Arizona’s Proposed Anti-Union Legislation is Strikingly Similar to WI, OH Laws

The country’s anti-union forces have set their sights on Arizona this month, where state legislators are considering four anti-union bills that target the collective bargaining rights of public workers. The bills, backed by the Koch brothers, are modeled in the spirit of Wisconsin’s attack on public workers last March.  The state senate passed the first of the four measures in mid-February, and a second measure was approved by the senate just last week. The first bill would make it impossible for unions to deduct dues automatically from members’ paychecks, and the second would prohibit government employees from performing union work while they’re on the clock. Both of these practices are important tools for the labor movement, facilitating dues payments and ensuring that employees have time at work to address labor concerns.

In late February, public hearings were held on the bills in Phoenix, and members of the community gathered to express their indignation. Joe Diggs, a Phoenix labor representative, described the bills this way:

“These bills are not an accident. They are delivered by people on marching orders from people we did not elect. This is an overarching strategy by a political movement trying to drive unions out of existence.”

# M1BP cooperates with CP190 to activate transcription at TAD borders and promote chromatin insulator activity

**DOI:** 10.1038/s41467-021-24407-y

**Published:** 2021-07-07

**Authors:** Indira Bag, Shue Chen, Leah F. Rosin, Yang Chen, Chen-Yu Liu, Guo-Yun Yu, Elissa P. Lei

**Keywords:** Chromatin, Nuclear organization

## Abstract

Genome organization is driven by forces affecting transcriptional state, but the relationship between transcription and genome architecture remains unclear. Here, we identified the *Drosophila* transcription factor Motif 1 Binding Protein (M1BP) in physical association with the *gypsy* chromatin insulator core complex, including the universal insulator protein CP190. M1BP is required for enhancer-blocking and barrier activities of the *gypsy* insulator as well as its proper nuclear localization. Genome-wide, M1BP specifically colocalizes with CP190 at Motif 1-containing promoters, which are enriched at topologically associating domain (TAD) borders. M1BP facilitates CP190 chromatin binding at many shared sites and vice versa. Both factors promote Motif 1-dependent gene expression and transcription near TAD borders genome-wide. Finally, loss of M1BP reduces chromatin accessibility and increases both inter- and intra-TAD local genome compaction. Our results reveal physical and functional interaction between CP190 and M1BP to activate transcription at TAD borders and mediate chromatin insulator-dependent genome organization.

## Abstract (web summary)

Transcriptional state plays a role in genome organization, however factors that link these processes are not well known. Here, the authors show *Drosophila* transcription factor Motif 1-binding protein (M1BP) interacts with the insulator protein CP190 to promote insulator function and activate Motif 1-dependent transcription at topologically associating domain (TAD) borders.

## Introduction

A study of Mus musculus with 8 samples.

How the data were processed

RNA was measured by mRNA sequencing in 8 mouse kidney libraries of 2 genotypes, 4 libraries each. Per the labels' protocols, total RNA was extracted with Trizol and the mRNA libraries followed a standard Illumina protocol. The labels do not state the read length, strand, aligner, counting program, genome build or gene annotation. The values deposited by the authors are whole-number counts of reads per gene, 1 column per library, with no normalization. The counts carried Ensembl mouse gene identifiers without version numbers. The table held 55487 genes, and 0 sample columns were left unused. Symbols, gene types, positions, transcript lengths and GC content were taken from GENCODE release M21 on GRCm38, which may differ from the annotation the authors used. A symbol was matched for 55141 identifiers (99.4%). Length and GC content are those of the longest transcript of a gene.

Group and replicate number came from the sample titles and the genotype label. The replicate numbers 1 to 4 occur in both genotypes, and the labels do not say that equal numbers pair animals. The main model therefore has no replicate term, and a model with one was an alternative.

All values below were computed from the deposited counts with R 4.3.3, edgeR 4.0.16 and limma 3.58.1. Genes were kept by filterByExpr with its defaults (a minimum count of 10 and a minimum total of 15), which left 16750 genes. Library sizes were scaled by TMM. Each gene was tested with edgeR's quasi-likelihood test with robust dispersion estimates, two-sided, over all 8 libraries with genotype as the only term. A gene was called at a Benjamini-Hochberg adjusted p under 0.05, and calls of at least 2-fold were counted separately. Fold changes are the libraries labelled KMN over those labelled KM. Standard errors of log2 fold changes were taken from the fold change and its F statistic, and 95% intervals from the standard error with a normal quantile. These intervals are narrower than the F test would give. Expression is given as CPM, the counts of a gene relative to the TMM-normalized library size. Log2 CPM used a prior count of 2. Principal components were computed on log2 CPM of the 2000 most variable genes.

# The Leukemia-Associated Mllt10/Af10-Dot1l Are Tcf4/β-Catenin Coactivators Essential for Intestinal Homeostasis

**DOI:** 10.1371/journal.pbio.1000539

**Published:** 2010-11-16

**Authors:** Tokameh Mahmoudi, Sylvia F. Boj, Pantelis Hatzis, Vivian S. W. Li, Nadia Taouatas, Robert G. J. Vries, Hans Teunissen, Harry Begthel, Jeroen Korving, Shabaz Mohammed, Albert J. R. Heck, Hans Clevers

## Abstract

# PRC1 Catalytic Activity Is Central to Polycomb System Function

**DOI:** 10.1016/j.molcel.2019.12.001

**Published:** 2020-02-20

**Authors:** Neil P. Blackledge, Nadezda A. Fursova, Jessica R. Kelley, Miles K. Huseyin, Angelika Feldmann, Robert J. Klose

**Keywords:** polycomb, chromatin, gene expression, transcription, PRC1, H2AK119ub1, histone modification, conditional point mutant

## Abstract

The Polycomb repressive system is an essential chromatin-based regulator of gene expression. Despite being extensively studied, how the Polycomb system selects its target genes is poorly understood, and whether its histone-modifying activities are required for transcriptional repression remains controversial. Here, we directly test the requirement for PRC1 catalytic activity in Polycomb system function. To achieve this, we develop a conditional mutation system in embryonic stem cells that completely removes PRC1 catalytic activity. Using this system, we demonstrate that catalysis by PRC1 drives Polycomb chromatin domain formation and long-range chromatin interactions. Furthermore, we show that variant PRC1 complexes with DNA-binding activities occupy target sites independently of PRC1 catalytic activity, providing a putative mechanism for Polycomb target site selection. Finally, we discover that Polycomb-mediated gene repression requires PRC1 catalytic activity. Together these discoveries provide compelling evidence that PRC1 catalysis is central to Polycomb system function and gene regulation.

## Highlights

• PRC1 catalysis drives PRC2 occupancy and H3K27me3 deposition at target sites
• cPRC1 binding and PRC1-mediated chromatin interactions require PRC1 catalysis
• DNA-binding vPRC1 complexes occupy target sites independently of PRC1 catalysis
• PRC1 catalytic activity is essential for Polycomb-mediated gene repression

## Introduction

On March 1st, more than 1,000 activists converged on the state capitol to oppose the legislation.  Local union leaders addressed the crowds from unions including the American Federation of State, County, and Municipal Employees, United Auto Workers, Communications Workers of America (CWA), and UNITEHERE. A video of this rally can be viewed here.

Even before this proposal, Arizona was in no danger of resembling a union-friendly state. An anti-union environment has long existed in this “right to work” state which ranks 13th from the bottom in terms of union membership and representation. The level of worker exploitation is intensified by infamous Sherriff Arpaio’s persistent raids on the low-wage work force. Whether or not these raids target union jobs, they contribute to a climate of fear that leaves corporations squarely in control of labor relations.

Similar to Ohio’s attack on public employees last year, Arizona’s proposed legislation goes farther than the Wisconsin bill by targeting all public employees including police and firefighters. Luckily for union supporters, Ohio voters repealed the offensive legislation by a margin of 61% to 39%, and Governor Walker’s recall election is scheduled for early June of this year.